The antecedents of the Israeli peace camp go all the way back to the days of the British Mandate. A group of well-known intellectuals formed an organization, Brit Shalom, that sought a peaceful accommodation with the Arabs of Palestine and called for the establishment of a binational (Arab and Jewish) state there. They included personalities such as Arthur Ruppin, Martin Buber, Hugo Bergmann and Gerschom Scholem. Judah Leib Magnes, at the time president of the Hebrew University, was a high-profile spokesman for the cause.
Now the peace camp is going through a period of soul-searching. Motivated by the highest ideals – peace with our neighbors, the end of the “occupation” – not discouraged by failure and willing to ignore unpleasant realities, it marched on for years with little to show for its efforts. Its slogan “peace now” has become devoid of meaning. Its aim “two states for two people” seems to have come beyond reach. Its inane slogan “you make peace with your enemies” has fallen into disuse.
They are embittered, frustrated and discouraged. The peace with Egypt was achieved not by them but by Menachem Begin, who they considered a warmonger. Their attempts to arrive at peace with Hafez Assad in Syria fortunately ended in failure. Peace with the Palestinians evaded them. Yitzhak Rabin, Shimon Peres and Yasser Arafat may have received Nobel Prizes for their efforts, but the Oslo Accords brought terrorism to the land, not peace. What a disappointment.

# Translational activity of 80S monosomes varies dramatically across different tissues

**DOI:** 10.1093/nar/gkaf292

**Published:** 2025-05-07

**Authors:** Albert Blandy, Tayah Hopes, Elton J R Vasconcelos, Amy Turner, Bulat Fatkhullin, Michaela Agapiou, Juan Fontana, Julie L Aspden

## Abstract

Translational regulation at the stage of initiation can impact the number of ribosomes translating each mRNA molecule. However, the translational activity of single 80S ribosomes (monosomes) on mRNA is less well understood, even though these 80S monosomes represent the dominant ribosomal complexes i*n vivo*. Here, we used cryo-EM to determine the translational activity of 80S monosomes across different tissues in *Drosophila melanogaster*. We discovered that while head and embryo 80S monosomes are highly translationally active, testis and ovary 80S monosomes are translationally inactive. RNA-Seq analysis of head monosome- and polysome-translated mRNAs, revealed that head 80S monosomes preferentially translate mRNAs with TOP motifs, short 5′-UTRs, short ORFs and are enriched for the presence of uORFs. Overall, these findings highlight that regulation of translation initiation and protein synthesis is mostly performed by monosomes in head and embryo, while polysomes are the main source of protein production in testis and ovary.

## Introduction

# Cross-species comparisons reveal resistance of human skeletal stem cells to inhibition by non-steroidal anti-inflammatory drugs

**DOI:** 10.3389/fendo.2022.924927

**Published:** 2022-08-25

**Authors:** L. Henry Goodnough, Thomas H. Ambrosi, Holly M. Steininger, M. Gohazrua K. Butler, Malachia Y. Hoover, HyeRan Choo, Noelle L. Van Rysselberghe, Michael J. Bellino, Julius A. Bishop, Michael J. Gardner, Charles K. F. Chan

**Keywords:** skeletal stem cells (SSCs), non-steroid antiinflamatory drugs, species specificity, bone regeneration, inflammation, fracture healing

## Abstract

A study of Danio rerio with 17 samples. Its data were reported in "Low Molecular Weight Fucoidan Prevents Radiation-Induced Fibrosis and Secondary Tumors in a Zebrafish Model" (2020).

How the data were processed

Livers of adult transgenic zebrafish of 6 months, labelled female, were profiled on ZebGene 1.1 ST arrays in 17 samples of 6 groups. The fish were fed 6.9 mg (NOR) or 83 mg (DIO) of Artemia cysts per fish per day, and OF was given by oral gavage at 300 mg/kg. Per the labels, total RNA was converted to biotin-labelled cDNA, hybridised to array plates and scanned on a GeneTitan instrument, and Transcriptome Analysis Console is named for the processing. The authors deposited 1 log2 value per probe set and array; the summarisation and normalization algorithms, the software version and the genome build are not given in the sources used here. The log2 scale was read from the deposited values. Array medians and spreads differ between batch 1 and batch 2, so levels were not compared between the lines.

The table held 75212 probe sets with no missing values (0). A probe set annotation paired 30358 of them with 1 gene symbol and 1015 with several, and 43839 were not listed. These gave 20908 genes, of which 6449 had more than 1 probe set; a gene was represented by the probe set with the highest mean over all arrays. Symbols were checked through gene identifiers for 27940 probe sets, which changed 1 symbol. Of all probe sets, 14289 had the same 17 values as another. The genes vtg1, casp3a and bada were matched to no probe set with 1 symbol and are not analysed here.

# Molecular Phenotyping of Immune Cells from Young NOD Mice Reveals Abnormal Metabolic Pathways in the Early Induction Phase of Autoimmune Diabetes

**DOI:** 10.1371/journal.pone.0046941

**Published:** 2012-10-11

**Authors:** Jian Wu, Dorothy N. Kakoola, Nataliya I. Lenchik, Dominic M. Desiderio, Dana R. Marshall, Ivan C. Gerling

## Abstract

One is reminded of another peace movement, whose slogan was “fight for peace.” As World War II ended, the Cold War began – a confrontation between wartime allies the United States and Soviet Russia. It was to last 40 years. This development was opposed by a group of idealistic Americans, believers in peace, who sought a rapprochement with the Kremlin rather than a confrontation.
Their leader was Henry Wallace, who had served as Franklin Roosevelt’s vice president and who would have become president after Roosevelt’s death had he not been replaced by Harry Truman as the Democratic Party’s vice presidential candidate in 1944. Wallace led the Progressive Party in the race for the presidency in 1948. He opposed the hard line that Truman as president had taken against the Soviet Union.
“I urge that we accept all people who wish for a peaceful understanding between the United States and Soviet Russia,” Wallace announced. He was supported by many prominent people in academia and the arts, many of them Jews. Among them were Aaron Copland, Howard Fast, Lillian Hellman, Burl Ives, Norman Mailer, Arthur Miller and Thomas Mann. They were a group of talented idealistic intellectuals.
Wallace failed at the polls. In the 1948 election that pitted Truman against Thomas Dewey, Wallace won 2.4 percent of the popular vote. The vast majority of American voters considered the Progressive Party’s approach to the Soviet Union naive and unrealistic, and they turned out to be right. Wallace himself resigned from the Progressive Party in 1950 and endorsed the Republican candidate, Dwight Eisenhower, for the presidency in 1952.
Of course, there are many differences between Israel’s peace camp today and the peace camp led by Wallace in America after World War II. Still, is there a lesson to be learned?